Retail, gaming center planned at Las Vegas Blvd. property


Old Holy Cow!

Developers have acquired the site of the old Holy Cow! restaurant and brewery on Las Vegas Boulevard at Sahara Avenue and plan to build a Times Square-like retail and gaming center there.

The developer is Aspen Highlands Holdings LLC and includes Albuquerque architect George Rainhart and Arizona businessman Steve Johnson.

Plans on file with the city show a two-story, 40-foot-high center that would have 37,100 square feet of floor space and include a 9,000-square-foot casino, a restaurant and a tavern -- but no hotel.

Aspen Highlands plans to seek approvals for the project during a July 9 hearing before the Las Vegas Planning Commission.

Once city approvals are obtained, the developer plans to proceed immediately with taking down the Holy Cow! structure and building the project with an opening planned for fall 2010, said spokeswoman Lee Haney of Rogich Communications Group.

It would have a Walgreens and extensive LED advertising signage with full-motion video wrapping around Las Vegas Boulevard and Sahara Avenue.

The electronic signage would include a half-moon shaped sign rising to 137 feet. During a later phase, a sail-like sign rising to 547 feet would be added.

Johnson has been involved in several Walgreens developments in Las Vegas, including the one catering to tourists at the Venetian resort, an Aspen Highlands spokeswoman said.

The cost of the project wasn't disclosed. The larger sail-like sign has been proposed to the city, but that portion of the request will be withdrawn for now.

"We felt it was prudent to scale back what was originally contemplated for this site to something that we believe is realistic to build in these economic times," Johnson, managing member of Aspen Highlands Holdings, said Wednesday in a statement. "That said, we remain excited about the opportunity to create a gateway to the city through the development of a casino and Walgreens on such a high profile corner, including a state-of-the-art LED sign component that among other things will serve as the city’s own ‘Welcome to THE City (of Las Vegas)' iconic sign."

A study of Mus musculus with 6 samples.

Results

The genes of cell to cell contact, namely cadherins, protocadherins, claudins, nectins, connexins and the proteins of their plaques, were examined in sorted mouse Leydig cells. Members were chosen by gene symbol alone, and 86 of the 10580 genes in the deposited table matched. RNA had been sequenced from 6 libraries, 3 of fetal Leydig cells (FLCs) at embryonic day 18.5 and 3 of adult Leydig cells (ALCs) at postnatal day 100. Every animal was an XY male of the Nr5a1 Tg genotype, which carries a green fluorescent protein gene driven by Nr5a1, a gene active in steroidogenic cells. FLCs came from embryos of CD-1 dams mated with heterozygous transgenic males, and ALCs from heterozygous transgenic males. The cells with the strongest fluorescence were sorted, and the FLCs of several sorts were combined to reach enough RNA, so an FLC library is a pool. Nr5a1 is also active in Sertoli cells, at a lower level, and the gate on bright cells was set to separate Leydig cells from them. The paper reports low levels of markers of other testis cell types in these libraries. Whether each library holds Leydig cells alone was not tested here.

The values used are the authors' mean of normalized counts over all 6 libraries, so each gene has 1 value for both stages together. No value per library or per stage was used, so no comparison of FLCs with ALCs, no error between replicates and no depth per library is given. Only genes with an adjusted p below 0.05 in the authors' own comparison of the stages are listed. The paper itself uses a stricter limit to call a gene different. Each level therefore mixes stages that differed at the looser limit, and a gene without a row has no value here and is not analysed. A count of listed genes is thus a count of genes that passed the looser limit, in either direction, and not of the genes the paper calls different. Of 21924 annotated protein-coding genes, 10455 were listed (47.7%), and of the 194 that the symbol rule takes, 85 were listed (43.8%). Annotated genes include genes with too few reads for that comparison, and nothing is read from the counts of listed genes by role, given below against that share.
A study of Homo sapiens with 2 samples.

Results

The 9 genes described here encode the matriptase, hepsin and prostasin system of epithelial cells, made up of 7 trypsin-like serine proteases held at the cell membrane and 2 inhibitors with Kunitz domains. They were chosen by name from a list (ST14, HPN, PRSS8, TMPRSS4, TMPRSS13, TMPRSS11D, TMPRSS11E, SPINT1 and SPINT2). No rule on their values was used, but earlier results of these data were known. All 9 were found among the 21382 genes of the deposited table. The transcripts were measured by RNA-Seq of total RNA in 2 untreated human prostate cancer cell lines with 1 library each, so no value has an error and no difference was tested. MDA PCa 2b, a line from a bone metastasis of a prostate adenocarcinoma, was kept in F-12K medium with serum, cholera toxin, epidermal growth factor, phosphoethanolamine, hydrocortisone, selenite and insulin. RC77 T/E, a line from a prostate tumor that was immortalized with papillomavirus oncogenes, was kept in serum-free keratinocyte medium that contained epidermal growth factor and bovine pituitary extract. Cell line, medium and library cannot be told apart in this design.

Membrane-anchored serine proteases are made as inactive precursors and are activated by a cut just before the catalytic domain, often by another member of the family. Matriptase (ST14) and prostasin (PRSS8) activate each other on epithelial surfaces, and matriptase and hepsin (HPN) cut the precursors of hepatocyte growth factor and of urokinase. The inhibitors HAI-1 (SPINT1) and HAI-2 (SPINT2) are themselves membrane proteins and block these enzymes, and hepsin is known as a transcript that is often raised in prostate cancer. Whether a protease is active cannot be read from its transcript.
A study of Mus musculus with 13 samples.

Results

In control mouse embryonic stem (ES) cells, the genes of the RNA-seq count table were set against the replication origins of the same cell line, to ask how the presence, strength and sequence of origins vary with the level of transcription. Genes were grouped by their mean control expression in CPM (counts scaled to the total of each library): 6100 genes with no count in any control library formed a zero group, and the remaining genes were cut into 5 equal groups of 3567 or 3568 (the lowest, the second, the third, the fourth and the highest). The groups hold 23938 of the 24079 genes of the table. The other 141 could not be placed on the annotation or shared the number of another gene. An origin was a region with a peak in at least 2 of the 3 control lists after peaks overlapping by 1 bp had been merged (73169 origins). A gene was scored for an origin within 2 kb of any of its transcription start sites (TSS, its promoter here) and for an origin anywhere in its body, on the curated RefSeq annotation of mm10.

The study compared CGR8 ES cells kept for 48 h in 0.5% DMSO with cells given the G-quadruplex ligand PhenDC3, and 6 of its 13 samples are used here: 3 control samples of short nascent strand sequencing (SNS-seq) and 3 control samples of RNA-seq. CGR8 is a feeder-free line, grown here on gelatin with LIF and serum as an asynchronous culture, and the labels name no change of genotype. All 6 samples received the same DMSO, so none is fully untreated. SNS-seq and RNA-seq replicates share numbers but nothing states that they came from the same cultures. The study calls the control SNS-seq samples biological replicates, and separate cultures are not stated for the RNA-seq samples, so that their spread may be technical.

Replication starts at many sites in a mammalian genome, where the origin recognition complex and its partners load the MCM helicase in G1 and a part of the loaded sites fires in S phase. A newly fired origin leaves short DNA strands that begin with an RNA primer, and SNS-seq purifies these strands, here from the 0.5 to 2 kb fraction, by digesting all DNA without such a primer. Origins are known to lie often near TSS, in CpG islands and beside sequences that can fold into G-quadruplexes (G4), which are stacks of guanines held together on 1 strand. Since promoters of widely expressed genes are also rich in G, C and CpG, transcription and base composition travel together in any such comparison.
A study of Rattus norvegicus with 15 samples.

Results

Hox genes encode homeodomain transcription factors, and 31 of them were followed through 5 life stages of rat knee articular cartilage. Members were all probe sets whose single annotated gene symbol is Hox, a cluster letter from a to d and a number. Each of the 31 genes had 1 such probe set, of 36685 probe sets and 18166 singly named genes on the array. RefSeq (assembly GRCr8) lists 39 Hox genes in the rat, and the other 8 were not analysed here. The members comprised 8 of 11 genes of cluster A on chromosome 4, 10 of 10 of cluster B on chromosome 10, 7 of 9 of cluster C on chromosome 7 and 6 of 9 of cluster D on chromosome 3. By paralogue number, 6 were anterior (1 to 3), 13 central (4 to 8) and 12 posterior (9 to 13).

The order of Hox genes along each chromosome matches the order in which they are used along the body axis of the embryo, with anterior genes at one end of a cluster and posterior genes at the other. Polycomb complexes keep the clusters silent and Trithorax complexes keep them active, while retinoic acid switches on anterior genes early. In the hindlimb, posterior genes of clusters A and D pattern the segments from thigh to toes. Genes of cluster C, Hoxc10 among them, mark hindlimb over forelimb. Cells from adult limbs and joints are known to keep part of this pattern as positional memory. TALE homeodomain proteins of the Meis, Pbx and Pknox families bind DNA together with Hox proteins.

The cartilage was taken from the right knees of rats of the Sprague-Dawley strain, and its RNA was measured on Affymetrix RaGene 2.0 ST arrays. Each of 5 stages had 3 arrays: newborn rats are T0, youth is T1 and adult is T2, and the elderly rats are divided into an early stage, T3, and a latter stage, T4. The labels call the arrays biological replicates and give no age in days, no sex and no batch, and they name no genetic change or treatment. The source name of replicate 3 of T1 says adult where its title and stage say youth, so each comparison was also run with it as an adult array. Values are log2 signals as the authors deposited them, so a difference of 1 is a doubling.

The location is at the southern end of Las Vegas with unincorporated Clark County and the Las Vegas Strip to the south.

“The applicant believes that the entire structure will provide an ‘iconic’ element at a location that is the gateway to the city of Las Vegas,'' said a letter to the city from the development team.

The Planning Commission staff is opposed to the larger sign, saying “it will have a negative visual impact on the neighboring residential developments to the north and east.''

Because the area is within an airport overlay district, the larger sign would need a variance because of its height. But the developer said the height shouldn't be an issue because the nearby Sahara and Stratosphere hotel-casinos are both taller.

The Holy Cow! Casino, Cafe and Brewery, a part of the Big Dog's Hospitality Group, closed in 2002 in the aftermath of the economic slowdown after the Sept. 11, 2001, terrorist attacks. Since then a high-rise condominium was proposed for the high-profile site, but that didn't pan out.